Today – March 22, 2022 – is World Water Day, a day about valuing water: “World Water Day is on 22 March every year. It is an annual United Nations Observance, started in 1993, that celebrates water and raises awareness of the 2 billion people currently living without access to safe water. A core focus of World Water Day is to inspire action towards Sustainable Development Goal (SDG) 6: water and sanitation for all by 2030.”
Mano a Mano Partners with Communities in Rural Bolivia
For Mano a Mano, our mission is “Partnering together – Hand in Hand – to transform the health and well-being of Bolivian communities in need.” Communities approach us and ask us to partner with them on the projects that reflect the biggest needs in their communities. Improving their access to water is one of their main requests. (There are currently 30+ communities on our waiting list for water projects.)
Mano a Mano’s First Major Water Project – A Reservoir in Ucuchi in 2005
“Water is life. We cannot live without water.” Dona Martina, a subsistence farmer in Ucuchi, Bolivia, approached Mano a Mano with this grim problem and a request: “A large reservoir would hold enough rain water to irrigate our fields once the dry season begins. You saw our ganas (motivation) when we worked together to build a school. We will work hard every day if you build a reservoir with us. Then we could feed our children and still have enough to sell some in the city.”
One of the most important aspects of these projects for Mano a Mano is the sustainability of projects that have been built; we want to ensure that anything that we build is used efficiently, is used for its intended purpose, and is in use for a long time. A basic philosophy of Mano a Mano in our community-based development model is to provide the most basic needs for communities – clinics, schools, roads, water projects, aviation runways, agricultural tools and training – that can serve as a springboard for other projects. (For an example of this, watch this video about our road project in El Palmar, Bolivia.) In 2017, the Cochabamba newspaper Los Tiempos ran an article about the San Isidro Ecotourism Park, and Mano a Mano’s Ucuchi water reservoir is an integral part of the park. We are happy to see the impact that this project continues to have, more than 15 years since its dedication in March 2006.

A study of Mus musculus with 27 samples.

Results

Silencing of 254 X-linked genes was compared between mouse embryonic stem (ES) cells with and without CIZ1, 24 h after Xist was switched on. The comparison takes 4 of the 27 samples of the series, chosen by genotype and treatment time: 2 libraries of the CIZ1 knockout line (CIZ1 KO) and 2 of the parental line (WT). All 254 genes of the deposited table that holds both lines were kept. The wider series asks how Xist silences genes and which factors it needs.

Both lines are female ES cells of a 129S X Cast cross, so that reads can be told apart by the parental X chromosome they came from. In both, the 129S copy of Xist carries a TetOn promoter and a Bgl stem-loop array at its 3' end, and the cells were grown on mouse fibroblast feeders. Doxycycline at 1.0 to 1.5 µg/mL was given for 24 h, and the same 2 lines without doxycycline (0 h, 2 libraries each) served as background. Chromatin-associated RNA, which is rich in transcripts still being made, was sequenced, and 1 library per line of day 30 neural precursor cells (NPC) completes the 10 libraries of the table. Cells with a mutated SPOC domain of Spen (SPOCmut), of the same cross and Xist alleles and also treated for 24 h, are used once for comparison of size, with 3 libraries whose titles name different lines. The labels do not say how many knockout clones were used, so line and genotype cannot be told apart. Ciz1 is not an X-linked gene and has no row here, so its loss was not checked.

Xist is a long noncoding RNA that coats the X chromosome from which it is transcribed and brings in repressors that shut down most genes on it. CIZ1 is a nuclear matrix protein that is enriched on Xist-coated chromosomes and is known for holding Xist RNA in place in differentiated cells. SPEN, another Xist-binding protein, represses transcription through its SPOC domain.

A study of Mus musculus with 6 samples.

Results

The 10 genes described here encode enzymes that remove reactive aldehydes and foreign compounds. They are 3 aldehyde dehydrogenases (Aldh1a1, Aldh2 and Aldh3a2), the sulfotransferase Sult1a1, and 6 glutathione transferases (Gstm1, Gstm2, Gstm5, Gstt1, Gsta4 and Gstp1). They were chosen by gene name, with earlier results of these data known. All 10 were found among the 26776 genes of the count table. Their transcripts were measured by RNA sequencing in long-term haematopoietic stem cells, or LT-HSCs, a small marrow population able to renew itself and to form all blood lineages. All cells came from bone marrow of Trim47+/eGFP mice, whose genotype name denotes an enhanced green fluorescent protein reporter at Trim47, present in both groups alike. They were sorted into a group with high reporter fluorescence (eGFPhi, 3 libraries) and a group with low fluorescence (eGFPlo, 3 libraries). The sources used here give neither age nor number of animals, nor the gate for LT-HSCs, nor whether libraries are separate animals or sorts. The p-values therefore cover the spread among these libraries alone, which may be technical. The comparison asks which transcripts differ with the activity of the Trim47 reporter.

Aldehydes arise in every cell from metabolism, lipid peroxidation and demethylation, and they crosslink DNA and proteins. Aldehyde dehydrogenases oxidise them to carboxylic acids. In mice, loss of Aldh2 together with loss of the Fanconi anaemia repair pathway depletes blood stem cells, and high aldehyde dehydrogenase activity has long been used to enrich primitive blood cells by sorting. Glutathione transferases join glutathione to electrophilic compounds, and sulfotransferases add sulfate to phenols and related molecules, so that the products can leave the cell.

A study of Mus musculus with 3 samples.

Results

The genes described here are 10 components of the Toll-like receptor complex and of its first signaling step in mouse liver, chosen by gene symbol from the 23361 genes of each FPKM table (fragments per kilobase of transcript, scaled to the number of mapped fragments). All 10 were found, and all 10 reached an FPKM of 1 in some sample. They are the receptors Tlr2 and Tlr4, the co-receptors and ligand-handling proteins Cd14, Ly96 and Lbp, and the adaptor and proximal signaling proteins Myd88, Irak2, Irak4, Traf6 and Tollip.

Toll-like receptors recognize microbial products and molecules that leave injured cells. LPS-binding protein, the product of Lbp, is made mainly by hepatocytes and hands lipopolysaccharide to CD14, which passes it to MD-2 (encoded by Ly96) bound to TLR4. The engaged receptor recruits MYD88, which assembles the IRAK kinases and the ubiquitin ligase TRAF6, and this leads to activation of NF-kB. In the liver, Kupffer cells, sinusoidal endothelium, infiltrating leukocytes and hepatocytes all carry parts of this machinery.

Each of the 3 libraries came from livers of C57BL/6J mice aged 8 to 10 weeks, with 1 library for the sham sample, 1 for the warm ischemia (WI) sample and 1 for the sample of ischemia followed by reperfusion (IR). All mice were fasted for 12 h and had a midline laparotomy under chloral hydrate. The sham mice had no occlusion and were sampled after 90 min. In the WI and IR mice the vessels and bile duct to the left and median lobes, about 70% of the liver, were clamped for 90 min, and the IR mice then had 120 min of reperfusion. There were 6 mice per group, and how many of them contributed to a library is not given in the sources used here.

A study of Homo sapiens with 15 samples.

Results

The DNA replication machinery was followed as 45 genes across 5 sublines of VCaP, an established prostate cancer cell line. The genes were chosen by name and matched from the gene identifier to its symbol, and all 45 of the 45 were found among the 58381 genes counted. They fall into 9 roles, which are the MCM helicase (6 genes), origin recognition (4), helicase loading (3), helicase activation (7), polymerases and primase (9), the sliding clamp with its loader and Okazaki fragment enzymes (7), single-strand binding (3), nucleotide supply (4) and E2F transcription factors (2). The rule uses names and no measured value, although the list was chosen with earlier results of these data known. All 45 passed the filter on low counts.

Building Water Projects in Partnership with Communities Since 2005
Since Dona Martina and her neighbors made this request in 2005, our counterpart organization Mano a Mano Nuevo Mundo has constructed 9 reservoirs, plus 458 farm ponds, 42 surface wells, and 14 deep wells. Each project gives farmers access to water for household use, domestic animals, and crop/garden irrigation. Through our Center for Ecological Agriculture in Cochabamba, we complement the construction of water projects by providing tools & training for Bolivian farmers to be able to maximize their resources.
Building Water Reservoirs
Our largest style of water project is constructing reservoirs. These projects hold hundreds of thousands of cubic meters of water. Once a reservoir project is complete, communities organize water Associations (or cooperatives) to manage the water, make small improvements, and schedule when members receive water for their lands.
Our water reservoir projects fall under 2 basic designs: one is where dirt is excavated on flat land to build a levee wall around the area to collect the water, like this reservoir in Laguna Sulti:
The other style is where a levee wall is built on one side to close off a natural collection point with surrounding mountains, like this reservoir shown above in Wirkini. Learn more about some of our larger water reservoir projects at the links below:
- Laguna Sulti
- Sancayani (comprised of 2 reservoirs)
- Jusku Moll’e
Drilling Water Wells
With the purchase of well-drilling equipment a few years ago, Mano a Mano is now able to drill surface and deep wells, to provide communities with clean drinking water.
Learn more about some of our well projects from 2021 at the links below:
Building Water Ponds (Atajados)
In communities where the population is more dispersed, Mano a Mano typically will construct atajados: small water ponds that provide water for a couple farm families. In communities like Omereque, we have built of improved hundreds of atajados (pictured below).
Partnerships & Hard Work
Every Mano a Mano project is a partnership with a community. The community, their municipal government, and Mano a Mano all have roles and responsibilities to make these projects work. Every single project has many obstacles and challenges along the way. We are grateful to the many people that come together and work hard to complete projects that none of us could do on our own, and have a big impact for communities for many years to come. And we continue to respond to the many communities on our waiting list for water projects, when we have funding available.